Thursday, 29 September 2016

Book Review: The Good Guy

The Good Guy

By Susan Beale
Published by John Murray
Available in Hardback and ebook
Paperback is forthcoming

Susan Beale's debut novel, The Good Guy, is one of those books that you can't put down once you start. The characters are compelling, the time period is interesting, the style of writing lures you into the plot and makes you care about the characters, EVERYTHING is great.

I'm getting carried away. Lets start at the beginning...

This is the story of love, marriage and self deception in suburban New England in the 1960s. Ted is a car-tyre salesman who takes a promotion and gets alot of admiration from his colleagues, success is an addiction and he wants to be the best. His wife, Abigail, is at home with their baby but she craves being at college, learning and earning a wage. Beale creates these two characters, and alternates between their viewpoints, showing their frustrations with the life they are expected to live against the life that they both crave.

After a business dinner, Ted meets Penny, falling in love with her and her carefree attitude to life. He creates himself a more successful past, creating a new life when he is with Penny. The deception and tension builds as Ted falls deeper into their alternative life he is building. His good intentions and self-deception build, pushing all three characters to the extreme.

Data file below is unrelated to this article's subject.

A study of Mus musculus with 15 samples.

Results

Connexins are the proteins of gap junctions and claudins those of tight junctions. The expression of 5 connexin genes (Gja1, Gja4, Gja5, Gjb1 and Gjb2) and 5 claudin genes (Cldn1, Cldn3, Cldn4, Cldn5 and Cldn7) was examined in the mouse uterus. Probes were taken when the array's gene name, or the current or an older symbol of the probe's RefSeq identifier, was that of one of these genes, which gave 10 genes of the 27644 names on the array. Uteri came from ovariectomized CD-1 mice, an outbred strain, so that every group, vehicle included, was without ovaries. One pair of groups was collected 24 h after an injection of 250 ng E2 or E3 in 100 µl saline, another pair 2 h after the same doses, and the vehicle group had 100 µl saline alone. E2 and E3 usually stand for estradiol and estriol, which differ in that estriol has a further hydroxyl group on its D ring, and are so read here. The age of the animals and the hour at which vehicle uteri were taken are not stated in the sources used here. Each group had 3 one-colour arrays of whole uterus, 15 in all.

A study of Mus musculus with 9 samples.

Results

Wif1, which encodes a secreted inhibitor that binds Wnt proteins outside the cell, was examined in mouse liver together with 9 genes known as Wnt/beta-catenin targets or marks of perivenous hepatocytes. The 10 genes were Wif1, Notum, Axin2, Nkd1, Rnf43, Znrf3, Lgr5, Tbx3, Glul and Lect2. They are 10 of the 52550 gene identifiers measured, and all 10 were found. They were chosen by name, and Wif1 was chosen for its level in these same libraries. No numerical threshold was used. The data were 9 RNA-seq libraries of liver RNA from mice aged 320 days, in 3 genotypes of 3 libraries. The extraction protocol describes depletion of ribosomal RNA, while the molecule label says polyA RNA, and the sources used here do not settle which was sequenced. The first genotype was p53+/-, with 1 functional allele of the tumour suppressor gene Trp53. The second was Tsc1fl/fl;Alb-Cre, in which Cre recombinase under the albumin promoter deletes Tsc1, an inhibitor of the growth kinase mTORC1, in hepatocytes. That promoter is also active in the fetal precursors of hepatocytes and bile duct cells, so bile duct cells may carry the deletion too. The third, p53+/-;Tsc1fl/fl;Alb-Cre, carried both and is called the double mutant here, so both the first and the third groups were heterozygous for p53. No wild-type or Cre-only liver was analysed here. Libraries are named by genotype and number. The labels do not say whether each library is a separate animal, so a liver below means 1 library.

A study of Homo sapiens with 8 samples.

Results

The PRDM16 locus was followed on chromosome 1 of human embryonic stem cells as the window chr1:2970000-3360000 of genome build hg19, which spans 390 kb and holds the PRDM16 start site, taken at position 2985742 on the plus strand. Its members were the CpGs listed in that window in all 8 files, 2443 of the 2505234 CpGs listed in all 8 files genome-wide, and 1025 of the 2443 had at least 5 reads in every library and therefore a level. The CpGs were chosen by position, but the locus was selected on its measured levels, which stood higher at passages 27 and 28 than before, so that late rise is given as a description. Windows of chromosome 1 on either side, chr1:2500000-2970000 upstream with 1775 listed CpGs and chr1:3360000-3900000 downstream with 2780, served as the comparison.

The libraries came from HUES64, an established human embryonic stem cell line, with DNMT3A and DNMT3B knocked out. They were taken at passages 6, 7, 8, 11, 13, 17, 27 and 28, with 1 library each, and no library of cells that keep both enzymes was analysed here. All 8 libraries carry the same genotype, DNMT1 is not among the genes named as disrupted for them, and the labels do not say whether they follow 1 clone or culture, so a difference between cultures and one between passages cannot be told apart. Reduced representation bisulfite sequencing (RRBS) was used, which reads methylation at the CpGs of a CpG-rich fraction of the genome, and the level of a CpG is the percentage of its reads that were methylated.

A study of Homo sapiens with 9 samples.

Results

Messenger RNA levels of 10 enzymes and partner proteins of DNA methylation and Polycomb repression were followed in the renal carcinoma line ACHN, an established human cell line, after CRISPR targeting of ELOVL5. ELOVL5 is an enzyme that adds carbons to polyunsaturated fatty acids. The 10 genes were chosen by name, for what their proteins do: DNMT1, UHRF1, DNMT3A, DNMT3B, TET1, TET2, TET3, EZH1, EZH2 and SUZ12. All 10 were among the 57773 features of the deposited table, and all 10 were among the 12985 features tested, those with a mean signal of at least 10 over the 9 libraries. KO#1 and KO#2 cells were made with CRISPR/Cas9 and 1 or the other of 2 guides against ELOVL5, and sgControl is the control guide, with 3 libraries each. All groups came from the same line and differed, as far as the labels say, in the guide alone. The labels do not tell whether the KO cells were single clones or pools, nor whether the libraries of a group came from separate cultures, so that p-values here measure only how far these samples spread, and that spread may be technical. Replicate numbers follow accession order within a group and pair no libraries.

The Good Guy is a combination of Mad Med and Richard Yates's Revolutionary Road where society is changing and evolving and the characters are caught between the older and newer generation. This push and pull not only forms relationships, bringing people together in this interesting time period but also ripping apart families when people start forming regrets and resentment.

Beale explores the pressure to conform to social convention where Ted and Abigail are caught in the middle of the change. People are shunning the way of life led by their parents, wanting to break away. The prosperity of the post-WWII is changing society with new freedoms but gender roles remain clear and there are strict morals at the core. Society's expectations have yet to catch up with these new freedoms and each generation is trying to find their way. The Good Guy doesn't just tell the coming of age story of Abigail and Ted but also of a new America, on the cusp of change.

Fans of Mad Men, Revolutionary Road and Raymond Carver will love this book. This book is fantastic, either read it now or buy it in paperback as this really is a book you don't want to miss. You can buy a copy of The Good Guy from your favourite bookshop.

The publisher kindly sent me a copy.